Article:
Oil trucks load and unload at terminal facilities in South Portland on Thursday, July 25, 2013. A Fielding Oil truck fills up with heating oil at the Sprague terminal in South Portland, Maine.
John Ewing
Portland Press Herald / via Getty Images
A Fielding Oil truck fills up with heating oil at the Sprague terminal in South Portland, Maine.

Connecticut will get $86 million in assistance to help lower heating costs for families this winter. It’s part of $4.5 billion in help for American families announced Wednesday. 

Spending for the program is significantly higher than the typical annual funding of about $3.5 billion but far below the $8 billion the administration and congressional Democrats delivered last winter as part of President Joe Biden’s coronavirus relief package.

Money will be distributed through the Low-Income Home Energy Assistance Program or LIHEAP. The program helps families struggling with energy bills and also pays for home energy repairs to help lower bills.

This past year, LIHEAP served over 5 million households nationwide with heating, cooling and weatherization services. A similar number of households are expected to participate this year.

Ali Zaidi, a climate adviser with the Biden administration, addressed reporters Wednesday.

“Our partners in the United States Congress are delivering for the American people and helping households lower energy costs and shift to cleaner energy, to healthier ways of heating their homes,” Zaidi said.

The announcement of heating assistance comes in the waning days before Tuesday's elections that will determine which party controls Congress. Democrats are trying to contrast their efforts to help middle and low-income people through the $1 trillion infrastructure law and other legislative measures with Republican suggestions that they would use the debt limit as leverage for cuts to Social Security and Medicare benefits and other federal programs.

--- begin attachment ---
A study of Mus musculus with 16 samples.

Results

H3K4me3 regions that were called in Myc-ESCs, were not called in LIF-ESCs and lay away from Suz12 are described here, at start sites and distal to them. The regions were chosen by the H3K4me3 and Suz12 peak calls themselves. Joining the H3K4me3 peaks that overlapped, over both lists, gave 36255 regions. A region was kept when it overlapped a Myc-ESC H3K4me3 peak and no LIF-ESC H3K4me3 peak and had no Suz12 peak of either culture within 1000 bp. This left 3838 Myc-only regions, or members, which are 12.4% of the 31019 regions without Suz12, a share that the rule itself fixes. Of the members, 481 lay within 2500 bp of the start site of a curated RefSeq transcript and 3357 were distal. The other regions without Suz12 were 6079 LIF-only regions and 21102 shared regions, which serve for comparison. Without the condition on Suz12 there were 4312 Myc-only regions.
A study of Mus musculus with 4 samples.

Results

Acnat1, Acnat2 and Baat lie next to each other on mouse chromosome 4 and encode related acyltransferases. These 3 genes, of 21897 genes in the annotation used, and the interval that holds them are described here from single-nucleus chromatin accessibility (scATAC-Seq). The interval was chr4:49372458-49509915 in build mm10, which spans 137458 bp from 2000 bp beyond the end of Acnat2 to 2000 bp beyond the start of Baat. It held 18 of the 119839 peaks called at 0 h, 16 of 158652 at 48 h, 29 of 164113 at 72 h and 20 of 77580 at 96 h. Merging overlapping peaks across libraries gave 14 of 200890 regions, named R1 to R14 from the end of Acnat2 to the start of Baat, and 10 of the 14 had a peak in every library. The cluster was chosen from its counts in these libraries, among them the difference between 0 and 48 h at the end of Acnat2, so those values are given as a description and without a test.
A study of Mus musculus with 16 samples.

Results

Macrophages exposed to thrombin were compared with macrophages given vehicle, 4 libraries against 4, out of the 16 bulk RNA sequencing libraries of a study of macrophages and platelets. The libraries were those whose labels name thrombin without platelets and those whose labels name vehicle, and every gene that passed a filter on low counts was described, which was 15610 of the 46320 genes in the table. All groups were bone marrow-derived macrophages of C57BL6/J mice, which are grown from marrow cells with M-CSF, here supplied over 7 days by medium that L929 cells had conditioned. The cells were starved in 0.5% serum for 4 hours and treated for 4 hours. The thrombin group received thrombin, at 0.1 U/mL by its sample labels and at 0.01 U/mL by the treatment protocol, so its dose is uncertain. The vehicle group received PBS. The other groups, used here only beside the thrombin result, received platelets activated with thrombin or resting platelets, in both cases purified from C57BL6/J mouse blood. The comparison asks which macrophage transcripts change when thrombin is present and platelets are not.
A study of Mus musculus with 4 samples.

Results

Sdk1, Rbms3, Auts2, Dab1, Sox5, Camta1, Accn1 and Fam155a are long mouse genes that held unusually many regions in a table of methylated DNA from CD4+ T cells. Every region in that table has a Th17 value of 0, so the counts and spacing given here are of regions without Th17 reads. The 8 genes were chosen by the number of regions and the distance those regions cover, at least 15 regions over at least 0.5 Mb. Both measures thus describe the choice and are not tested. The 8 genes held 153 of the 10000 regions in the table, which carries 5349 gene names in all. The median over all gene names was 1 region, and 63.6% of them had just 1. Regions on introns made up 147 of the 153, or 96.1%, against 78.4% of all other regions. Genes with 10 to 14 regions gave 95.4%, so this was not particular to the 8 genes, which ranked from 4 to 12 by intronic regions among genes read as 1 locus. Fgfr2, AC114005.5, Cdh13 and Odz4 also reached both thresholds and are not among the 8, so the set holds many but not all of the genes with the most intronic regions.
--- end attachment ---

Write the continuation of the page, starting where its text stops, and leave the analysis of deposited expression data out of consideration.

U.S. Sen. Chris Murphy, a Connecticut Democrat, noted that energy costs are expected to rise sharply this winter.

"This money is a lifeline for thousands of low-income families and seniors on fixed incomes who rely on LIHEAP to stay safe and warm during the winter months, and it is critical these funds are distributed as quickly as possible,” Murphy said in a statement.

Lawmakers from Connecticut and across New England had recently been seeking federal assistance to address home energy prices.

News of the funding comes as the leader of a New England energy company recently issued a warning: The region’s power supply might not be able to withstand extreme cold weather this winter.

Eversource CEO Joseph R. Nolan Jr. shared those concerns in a letter sent last Thursday to President Biden. Learn more.

In a related announcement, the Energy Department said Wednesday it will begin allocating $9 billion approved under the new climate and health law for a program aimed at supporting energy upgrades to 1.6 million households over the next 10 years. Officials expect to make funding available starting next year to states and tribes to better protect homes against the weather and install some 500,000 new heat pumps.

Learn more

Interested in applying for energy assistance? Visit energyhelp.us or call the National Energy Assistance Referral hotline at 1-866-674-6327.

Connecticut Public's Jeff Cohen contributed to this report. This story contains information from the Associated Press.